Prime Minister Junichiro Koizumi hinted Tuesday that the government might alter its constitutional interpretation of the nation’s right to collective self-defense as it deals with future changes in the security situation.
Speaking before the House of Representatives Budget Committee, Koizumi reiterated that sending the Self-Defense Forces to Iraq for reconstruction efforts does not contravene the Constitution, dismissing the suggestion raised last month by Democratic Party of Japan leader Naoto Kan that the government was in breach of the Constitution by dispatching the SDF.
Commenting on the controversy, Koizumi said, “The Constitution can be amended in accordance with the change of the times, and if it’s not amended, I do not believe it is wrong to alter its interpretation.”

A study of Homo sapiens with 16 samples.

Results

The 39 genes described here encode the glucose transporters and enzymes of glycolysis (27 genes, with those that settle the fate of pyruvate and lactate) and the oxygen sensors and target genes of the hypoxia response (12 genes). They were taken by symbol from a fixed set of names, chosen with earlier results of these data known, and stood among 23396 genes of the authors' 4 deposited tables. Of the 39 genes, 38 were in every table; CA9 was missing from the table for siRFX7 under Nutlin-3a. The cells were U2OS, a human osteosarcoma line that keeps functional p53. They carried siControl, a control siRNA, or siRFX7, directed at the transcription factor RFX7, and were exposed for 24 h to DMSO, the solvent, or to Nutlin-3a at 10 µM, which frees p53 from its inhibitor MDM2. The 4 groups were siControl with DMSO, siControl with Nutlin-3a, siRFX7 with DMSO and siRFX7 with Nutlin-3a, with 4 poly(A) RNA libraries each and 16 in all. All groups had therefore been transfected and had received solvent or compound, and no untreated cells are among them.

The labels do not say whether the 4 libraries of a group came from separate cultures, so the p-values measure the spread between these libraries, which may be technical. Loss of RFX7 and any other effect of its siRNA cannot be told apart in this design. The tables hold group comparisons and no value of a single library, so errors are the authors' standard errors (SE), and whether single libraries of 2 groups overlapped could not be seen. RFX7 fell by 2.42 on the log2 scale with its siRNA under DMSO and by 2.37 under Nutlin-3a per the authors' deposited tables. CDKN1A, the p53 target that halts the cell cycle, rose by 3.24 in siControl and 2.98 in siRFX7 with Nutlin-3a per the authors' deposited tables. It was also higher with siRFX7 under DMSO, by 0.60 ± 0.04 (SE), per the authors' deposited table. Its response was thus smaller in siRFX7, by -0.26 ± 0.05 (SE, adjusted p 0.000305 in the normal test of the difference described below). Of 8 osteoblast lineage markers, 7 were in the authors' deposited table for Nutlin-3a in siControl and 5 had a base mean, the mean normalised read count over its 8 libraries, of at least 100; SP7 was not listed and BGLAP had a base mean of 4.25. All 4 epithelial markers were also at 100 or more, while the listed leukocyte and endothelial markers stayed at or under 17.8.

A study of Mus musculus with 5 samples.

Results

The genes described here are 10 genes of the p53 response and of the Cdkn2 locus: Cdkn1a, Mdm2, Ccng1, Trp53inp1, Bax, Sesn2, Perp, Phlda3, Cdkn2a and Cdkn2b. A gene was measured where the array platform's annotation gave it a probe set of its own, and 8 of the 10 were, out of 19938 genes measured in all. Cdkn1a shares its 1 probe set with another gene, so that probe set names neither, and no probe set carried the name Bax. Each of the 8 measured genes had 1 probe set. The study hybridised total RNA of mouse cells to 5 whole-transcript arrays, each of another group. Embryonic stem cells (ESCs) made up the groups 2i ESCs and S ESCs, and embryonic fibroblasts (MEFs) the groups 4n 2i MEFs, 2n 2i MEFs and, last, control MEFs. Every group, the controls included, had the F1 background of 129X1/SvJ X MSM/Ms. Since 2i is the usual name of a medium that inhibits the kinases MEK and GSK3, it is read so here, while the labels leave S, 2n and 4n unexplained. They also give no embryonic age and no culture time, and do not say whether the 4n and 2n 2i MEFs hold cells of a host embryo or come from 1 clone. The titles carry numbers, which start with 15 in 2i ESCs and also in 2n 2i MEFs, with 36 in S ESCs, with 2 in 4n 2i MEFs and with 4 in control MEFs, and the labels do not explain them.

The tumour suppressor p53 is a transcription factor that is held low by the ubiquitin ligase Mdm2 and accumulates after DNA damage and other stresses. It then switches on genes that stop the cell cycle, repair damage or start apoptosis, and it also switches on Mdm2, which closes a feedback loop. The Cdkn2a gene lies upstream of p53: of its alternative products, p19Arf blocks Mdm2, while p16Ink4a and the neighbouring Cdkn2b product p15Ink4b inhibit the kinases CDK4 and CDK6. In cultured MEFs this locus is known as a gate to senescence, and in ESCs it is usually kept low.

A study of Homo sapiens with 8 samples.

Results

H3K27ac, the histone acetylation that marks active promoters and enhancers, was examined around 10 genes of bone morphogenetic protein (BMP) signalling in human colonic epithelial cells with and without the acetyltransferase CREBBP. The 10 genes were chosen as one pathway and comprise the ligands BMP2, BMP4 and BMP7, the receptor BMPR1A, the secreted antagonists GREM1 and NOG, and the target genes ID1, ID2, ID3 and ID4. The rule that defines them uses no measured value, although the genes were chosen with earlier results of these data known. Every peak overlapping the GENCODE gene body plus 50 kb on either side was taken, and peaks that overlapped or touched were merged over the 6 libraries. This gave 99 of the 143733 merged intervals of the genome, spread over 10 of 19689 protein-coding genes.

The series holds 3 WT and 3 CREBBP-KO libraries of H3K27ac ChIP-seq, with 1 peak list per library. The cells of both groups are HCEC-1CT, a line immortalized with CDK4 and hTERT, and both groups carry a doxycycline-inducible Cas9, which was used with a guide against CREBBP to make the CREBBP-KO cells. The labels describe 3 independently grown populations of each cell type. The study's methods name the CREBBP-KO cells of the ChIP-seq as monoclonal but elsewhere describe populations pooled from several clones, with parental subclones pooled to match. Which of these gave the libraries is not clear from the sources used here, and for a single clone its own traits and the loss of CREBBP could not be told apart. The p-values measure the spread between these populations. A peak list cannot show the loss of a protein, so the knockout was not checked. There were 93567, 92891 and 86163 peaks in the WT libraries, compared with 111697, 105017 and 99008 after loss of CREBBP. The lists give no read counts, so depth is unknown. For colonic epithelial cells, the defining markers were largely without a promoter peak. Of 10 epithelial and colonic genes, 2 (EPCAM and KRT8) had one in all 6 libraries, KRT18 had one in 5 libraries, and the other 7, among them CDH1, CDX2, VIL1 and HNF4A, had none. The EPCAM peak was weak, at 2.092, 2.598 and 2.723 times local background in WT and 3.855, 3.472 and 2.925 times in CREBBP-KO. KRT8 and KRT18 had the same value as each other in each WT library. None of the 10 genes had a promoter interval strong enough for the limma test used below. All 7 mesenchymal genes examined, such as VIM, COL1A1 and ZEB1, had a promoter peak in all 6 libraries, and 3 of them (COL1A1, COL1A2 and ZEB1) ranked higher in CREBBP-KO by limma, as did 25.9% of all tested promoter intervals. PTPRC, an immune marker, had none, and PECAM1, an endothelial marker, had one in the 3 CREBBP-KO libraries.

Koizumi had earlier said it would be better to amend the Constitution rather than change the interpretation.
The government’s interpretation is that Japan has the right of collective self-defense but cannot exercise it under the Constitution, which renounces the use of force as means of settling international disputes.
Koizumi said the interpretation of the Constitution changes with circumstances, citing past controversies over whether the very existence of the SDF was unconstitutional.
Sending SDF personnel to contribute to United Nations-led peacekeeping operations was also considered unconstitutional in the past, but few people are of that opinion now, he said.
Koizumi later told the committee he respects the government’s conventional interpretation and the Diet’s deliberations on the Constitution, adding that he believes the Constitution should be amended in a way that prevents public opinion being divided on the question of constitutional interpretation.
Kan, speaking at a news conference, criticized Koizumi for making “imprudent remarks” about the interpretation of the Constitution. He reiterated the need for the government to establish an independent court on the Constitution to determine its interpretation.